Forces beyond my control have compelled me to give rhubarb a second chance.
I'd had it as a kid, and, like lima beans, the texture put me off and I just filed it away in the why bother category. Like, why bother buying something that looks like red celery when I can buy real fruit -- say, peachesmelonsplumsnectarinesbananasberries --instead.
But then last Monday I went to Chez Panisse, and the first thing Lara said when she looked at the entire lyrical menu with its pixie tangerines and its garden lettuces and its shaved zucchini with pecorino and mint was this:
"I'm getting the rhubarb-strawberry cobbler for dessert."
Wuh? Why would you do that to yourself, and on your birthday?
But I tried it, and it was good. You know, fine good. Not better than the bittersweet chocolate pave, but sometimes these things take a little while to sink in, and when Diana challenged me in the comments to come up with a rhubarb recipe I knew I could do it without puking.
I'm sorry I said puke on a food blog. Rule #1: Never discuss regurgitation on a food blog. Rule #2: Don't break Rule #1.
Guess what? I made a killer cobbler.
Now, I'm not running for president of the Rhubarb Society of North America or riding a rhubarb float in the next parade, but I would make this dessert again. And again. My sons signaled their approval by sticking their heads in the ramekins and licking their dishes clean. Rhubarb facial, anyone?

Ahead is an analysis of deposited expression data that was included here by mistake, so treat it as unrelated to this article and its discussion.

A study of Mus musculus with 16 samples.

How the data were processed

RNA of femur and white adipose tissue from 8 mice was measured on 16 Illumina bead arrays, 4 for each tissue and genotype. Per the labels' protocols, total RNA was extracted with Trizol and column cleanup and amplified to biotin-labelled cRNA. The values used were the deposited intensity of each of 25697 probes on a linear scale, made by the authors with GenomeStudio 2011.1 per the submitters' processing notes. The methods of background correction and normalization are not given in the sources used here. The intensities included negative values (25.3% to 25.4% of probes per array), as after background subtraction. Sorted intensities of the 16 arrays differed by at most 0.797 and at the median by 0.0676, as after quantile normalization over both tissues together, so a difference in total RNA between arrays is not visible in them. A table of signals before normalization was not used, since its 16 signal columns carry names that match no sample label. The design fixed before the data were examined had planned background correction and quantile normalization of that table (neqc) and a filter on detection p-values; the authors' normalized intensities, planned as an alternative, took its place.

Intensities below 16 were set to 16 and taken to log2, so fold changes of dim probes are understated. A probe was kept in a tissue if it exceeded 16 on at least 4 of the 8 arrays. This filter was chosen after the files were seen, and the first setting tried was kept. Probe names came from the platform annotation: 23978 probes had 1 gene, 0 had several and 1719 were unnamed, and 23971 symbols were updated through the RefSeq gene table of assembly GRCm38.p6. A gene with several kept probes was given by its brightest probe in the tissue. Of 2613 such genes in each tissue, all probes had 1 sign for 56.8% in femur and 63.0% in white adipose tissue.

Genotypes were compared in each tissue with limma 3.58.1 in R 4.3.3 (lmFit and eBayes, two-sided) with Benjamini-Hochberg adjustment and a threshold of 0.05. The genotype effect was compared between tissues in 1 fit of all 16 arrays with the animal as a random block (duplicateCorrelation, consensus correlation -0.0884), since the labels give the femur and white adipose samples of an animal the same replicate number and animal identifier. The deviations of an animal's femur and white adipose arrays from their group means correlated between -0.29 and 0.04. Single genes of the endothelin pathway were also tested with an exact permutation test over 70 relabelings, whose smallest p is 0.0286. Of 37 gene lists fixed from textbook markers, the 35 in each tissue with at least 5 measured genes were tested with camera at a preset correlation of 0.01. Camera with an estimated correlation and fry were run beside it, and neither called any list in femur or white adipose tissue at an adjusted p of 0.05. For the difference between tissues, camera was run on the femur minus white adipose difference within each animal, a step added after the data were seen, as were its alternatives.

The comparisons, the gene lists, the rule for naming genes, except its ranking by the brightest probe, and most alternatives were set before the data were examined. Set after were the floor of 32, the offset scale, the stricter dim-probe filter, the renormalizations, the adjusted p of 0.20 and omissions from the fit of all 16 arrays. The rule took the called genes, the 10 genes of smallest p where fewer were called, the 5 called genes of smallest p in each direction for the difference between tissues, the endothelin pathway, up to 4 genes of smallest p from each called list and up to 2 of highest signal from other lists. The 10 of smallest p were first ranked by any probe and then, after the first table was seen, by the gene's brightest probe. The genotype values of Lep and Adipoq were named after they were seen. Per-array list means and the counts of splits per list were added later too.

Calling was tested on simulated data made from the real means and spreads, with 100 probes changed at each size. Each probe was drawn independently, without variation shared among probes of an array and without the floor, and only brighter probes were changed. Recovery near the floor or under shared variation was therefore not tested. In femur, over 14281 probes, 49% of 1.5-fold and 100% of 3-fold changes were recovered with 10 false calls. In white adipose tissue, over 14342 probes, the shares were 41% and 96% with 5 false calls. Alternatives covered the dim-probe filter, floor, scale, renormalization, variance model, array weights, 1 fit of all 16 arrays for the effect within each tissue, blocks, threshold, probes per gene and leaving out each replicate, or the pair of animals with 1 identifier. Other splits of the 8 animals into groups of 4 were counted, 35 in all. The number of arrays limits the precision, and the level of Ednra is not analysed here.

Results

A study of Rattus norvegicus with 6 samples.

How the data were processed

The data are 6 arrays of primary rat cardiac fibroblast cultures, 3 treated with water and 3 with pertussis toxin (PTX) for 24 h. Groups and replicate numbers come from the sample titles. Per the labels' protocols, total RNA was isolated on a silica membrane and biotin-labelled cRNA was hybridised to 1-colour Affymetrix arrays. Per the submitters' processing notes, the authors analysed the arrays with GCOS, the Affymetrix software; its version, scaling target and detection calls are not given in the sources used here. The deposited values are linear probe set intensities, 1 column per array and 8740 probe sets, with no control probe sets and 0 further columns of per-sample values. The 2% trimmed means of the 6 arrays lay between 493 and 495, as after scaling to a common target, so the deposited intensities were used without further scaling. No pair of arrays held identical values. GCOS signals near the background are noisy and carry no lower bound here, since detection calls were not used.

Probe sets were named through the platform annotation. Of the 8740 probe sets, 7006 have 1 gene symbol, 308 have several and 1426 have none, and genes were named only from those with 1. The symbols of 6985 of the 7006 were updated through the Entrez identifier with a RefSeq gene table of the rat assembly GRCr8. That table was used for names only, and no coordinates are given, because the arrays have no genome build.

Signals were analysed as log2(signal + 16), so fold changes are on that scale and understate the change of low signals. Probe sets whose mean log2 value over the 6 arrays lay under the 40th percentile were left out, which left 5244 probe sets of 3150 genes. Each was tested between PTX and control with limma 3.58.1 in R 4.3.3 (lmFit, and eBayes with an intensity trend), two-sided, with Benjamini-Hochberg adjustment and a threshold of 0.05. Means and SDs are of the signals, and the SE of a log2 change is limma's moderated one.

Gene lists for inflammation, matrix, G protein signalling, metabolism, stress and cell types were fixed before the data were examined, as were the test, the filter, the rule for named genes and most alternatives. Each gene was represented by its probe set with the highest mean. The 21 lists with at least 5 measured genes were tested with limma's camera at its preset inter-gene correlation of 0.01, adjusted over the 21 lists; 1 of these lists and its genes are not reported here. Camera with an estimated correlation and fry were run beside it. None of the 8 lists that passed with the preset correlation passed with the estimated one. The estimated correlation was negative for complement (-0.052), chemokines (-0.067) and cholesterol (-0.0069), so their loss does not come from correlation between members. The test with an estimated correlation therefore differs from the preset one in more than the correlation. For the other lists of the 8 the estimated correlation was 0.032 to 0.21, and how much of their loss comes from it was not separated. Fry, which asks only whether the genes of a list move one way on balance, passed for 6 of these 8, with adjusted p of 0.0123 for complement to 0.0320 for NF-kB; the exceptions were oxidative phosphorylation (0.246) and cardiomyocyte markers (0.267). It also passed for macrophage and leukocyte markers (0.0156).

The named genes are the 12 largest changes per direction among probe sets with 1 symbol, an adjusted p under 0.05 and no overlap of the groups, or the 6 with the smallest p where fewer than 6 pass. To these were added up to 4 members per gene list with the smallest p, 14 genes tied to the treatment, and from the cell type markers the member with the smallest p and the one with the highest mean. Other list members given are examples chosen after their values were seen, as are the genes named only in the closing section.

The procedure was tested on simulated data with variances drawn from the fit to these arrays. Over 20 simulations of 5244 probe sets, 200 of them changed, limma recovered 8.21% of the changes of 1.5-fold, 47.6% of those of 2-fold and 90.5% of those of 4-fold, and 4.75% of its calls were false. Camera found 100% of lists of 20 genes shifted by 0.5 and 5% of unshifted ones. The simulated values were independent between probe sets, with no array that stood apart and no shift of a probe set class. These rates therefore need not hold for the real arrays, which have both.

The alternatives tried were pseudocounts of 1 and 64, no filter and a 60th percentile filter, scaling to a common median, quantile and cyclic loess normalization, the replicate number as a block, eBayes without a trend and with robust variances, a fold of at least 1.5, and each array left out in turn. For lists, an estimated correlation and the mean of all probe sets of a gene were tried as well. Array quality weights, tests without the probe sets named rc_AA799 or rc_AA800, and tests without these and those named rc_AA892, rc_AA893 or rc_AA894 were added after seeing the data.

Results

This cobbler tastes like jam with a crust, and I defy you to give me one good reason why that's not a Very Good Thing.
Since I wanted to wade into the rhubarb waters slowly, I stuck with the classic marriage of rhubarb and strawberries and didn't introduce any funky third parties into the mix. No spices, no nuts, nothing fancypants. So long as you slice the stalks nice and thin, the rhubarb gets all jammy and melty and lends a lovely tartness and body to the berries, creating a nicely balanced dessert.
1-1/2 pounds strawberries, hulled and quartered
1 pound rhubarb, trimmed, cut crosswise into 1/4"-thick slices
1 cup sugar
2-1/2 tablespoons cornstarch
2 teaspoons fresh lemon juice
1 cup all-purpose flour
2/3 cup whole wheat pastry flour
2/3 cup dark brown sugar
3/4 teaspoon baking powder
1/4 teaspoon kosher salt
6 tablespoons melted butter
1 large egg, lightly beaten
Preheat the oven to 425 and move the rack to the lower third of the oven.
In a large bowl, stir together the berries, rhubarb, sugar, cornstarch, and lemon juice. Turn out into a 2-quart baking dish.
In a medium bowl (or wipe the same bowl you used to the filling clean and dry), whisk the two flours, brown sugar, baking powder and salt. Drizzle in the melted butter and stir with a wooden spoon until all the dry bits are moistened and the dough looks like crumbly pebbles. Slowly drip in the egg and stir with a fork until evenly moistened and clumpy. Sprinkle the dough over the fruit. Place the filled baking dish on a rimmed baking sheet to catch any drips as the cobbler bubbles.
Bake for about 35 minutes, or until the top is browned and the filling is bubbly. Let stand for 30 minutes before serving. Serve alone, with a drizzle of heavy cream (!) or with vanilla ice cream (!!).